EDITORIAL - Another minor killed

EDITORIAL - Another minor killed

(The Philippine Star) - June 21, 2021 - 12:00am

As the nation can see, it will take more than the possibility of a full-blown investigation by the International Criminal Court to stop the killings that have characterized the Duterte administration’s campaign against illegal drugs.

On Wednesday last week, police serving an arrest warrant on Antonio Dalit in Biñan, Laguna ended up killing the drug suspect along with a 16-year-old companion, Johndy Maglinte. Police claimed the two had fought back, prompting the arresting officers to retaliate. Relatives of the fatalities, on the other hand, maintained that there was no such resistance, and that Dalit was first shot dead followed by Maglinte who had witnessed the killing.

The nine members of the arresting team together with the chief of Laguna’s Police Intelligence Unit have been placed under custody by the Philippine National Police. PNP chief Gen. Guillermo Eleazar acknowledged reports attributed to Maglinte’s relatives, that the boy was shot while face down and handcuffed. But Eleazar stressed that unless the relatives come forward and issue formal statements, this story would be hearsay.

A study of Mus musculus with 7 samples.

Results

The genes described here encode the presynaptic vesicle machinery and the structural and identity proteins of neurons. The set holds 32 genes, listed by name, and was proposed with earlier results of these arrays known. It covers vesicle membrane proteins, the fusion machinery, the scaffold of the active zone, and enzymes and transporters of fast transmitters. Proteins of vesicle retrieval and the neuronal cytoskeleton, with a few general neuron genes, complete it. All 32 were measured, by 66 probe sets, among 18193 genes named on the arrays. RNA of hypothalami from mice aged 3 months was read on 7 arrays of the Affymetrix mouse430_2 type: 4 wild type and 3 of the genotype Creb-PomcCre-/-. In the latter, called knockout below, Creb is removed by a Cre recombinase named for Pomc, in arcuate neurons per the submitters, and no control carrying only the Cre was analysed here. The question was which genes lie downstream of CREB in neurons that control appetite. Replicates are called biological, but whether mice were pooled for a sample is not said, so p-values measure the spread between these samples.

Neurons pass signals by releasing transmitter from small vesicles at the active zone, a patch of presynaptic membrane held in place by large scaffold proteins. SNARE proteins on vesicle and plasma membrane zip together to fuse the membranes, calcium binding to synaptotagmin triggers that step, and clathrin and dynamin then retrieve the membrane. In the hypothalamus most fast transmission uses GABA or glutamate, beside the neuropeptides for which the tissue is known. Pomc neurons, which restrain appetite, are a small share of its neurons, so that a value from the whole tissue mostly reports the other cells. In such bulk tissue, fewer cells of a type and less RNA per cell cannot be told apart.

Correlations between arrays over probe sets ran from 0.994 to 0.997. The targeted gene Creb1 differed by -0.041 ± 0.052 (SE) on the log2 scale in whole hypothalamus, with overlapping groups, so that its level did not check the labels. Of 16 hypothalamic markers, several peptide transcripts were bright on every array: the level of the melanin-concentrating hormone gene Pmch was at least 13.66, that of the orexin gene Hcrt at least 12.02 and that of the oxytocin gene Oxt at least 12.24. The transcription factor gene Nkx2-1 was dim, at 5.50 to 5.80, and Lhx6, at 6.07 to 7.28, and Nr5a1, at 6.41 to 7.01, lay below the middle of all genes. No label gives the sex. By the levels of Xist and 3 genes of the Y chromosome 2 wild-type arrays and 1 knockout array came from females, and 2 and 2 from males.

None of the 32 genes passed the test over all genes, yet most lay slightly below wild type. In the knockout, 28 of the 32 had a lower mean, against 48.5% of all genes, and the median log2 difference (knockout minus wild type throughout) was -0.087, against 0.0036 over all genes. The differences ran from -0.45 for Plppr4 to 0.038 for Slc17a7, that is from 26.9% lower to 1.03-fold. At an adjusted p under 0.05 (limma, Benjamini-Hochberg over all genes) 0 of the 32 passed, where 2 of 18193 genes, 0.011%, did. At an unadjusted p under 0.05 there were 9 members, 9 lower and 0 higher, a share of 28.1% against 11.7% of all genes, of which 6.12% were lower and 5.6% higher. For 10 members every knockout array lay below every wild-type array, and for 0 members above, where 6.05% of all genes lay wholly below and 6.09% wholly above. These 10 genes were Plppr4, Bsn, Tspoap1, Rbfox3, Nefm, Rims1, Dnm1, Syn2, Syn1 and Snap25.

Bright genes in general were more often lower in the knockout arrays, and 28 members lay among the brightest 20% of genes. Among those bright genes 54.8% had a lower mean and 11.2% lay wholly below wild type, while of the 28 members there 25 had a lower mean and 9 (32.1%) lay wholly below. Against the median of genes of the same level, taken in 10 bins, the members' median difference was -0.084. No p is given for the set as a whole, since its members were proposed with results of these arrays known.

Maglinte is just the latest minor to be killed in the war on drugs. The police team has insisted that he was an accomplice of Dalit in drug dealing. This, however, does not automatically justify the lethal use of force, whether on a minor or an adult suspect. A credible investigation will have to show that shooting to kill rather than disable is justified. But will the whole truth ever be known?

Putting together the true picture of circumstances that led to the killing of thousands of drug suspects since 2016, in what the PNP has insisted were legitimate police anti-narcotics operations, has always been a challenge.

With only a handful of cases leading to indictments of abusive police operatives, the International Criminal Court initiated a preliminary examination of the war on drugs under the Duterte administration. Last week, on the eve of bowing out as chief ICC prosecutor, Fatou Bensouda asked for judicial authority from the court’s pre-trial chamber to launch a full-blown investigation of possible crimes against humanity committed in the course of the war on drugs.

The killing of yet another minor can only reinforce Bensouda’s conclusion that there is a systematic campaign to execute drug suspects in the Philippines. The ICC has yet to finally decide whether it has jurisdiction over the Philippine case. This will depend on whether the country has the capability and willingness to investigate and punish those accused of engaging in summary executions. It will depend on whether persons like Johndy Maglinte can get justice.